HajHoj is the arabic name for an African instrument that arrived in the north of the continent during the golden age of Morocco in the 15 century. Slavery was common at that time and it was through music that slaves transported from sub saharan Africa retained a link to their own cultures and faiths. A mythology developed around the instrument that it was a metaphorical boat that could emancipate them from slavery and sail them away to the freedom.
A hollowed out tree stump can make a rustic Hajhoj but todays instrument is usually carefully crafted from the wood of African trees like thuya, acacia, fig, eucaluptus or Cedar. A piece of leather is stretched over the ‘jbah’ or body of the instrument (this could be cow hide, camel or goat) , then three strings (traditonaly dried goats Intestines) extend up and along the ‘mango’ or neck.
When played well the Hajhoj represents a complete rhythm section, as the ‘jbah’ is tapped like a drum, and the strings played like a bass guitar with thumb and index finger. Often a bell is added at the top of the neck.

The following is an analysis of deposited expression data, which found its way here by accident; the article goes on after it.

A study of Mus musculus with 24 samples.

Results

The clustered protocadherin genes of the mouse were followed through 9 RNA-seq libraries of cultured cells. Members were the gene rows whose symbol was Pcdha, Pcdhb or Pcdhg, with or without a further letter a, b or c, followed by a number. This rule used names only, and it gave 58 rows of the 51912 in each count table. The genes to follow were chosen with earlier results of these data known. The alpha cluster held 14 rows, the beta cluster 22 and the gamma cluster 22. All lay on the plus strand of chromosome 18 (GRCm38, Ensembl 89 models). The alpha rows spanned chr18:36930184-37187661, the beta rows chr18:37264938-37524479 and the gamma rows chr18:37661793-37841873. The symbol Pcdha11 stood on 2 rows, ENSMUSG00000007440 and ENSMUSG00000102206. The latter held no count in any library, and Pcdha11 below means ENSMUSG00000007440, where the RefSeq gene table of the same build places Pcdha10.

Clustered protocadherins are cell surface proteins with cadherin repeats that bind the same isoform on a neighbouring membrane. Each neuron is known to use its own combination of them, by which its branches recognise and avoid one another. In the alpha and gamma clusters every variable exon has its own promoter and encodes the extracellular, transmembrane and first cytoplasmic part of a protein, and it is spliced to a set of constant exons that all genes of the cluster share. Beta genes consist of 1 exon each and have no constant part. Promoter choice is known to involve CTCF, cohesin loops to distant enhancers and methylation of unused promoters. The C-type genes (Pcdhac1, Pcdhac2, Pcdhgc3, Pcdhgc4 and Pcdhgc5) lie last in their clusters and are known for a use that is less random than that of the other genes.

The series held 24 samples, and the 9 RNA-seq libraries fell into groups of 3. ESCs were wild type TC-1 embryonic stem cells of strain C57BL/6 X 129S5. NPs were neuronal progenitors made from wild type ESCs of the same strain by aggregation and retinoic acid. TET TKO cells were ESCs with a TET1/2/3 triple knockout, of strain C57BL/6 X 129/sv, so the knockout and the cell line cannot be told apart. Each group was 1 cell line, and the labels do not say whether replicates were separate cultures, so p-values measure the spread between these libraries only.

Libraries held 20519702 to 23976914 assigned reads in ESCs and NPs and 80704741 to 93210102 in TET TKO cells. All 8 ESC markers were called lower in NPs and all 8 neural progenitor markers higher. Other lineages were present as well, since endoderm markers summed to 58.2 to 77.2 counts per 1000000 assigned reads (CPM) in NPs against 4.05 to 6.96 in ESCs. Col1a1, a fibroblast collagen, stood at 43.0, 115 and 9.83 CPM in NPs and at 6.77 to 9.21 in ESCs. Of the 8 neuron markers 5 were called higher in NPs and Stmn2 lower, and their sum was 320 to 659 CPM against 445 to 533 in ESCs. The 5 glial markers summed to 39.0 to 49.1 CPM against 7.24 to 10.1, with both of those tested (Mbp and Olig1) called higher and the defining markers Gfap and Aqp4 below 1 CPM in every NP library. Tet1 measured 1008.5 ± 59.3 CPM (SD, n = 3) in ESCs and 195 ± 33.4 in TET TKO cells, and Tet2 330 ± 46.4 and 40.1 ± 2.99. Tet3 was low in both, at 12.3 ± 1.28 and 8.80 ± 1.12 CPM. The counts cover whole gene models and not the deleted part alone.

The Hajhoj is also known as the ‘Santir’ (from the Berber language) or the ‘Gumberi’ a name originating from the days of slavery which is often preferred by musicians themselves. A smaller version of the instrument kown as an Awicha is ideal for beginners.
If you are considering a stay in Marrakech there is no better place to experience the ancient cultures of the medina than in one of our Riad boutique hotels, we could even arrange a private gnawi music performance for you!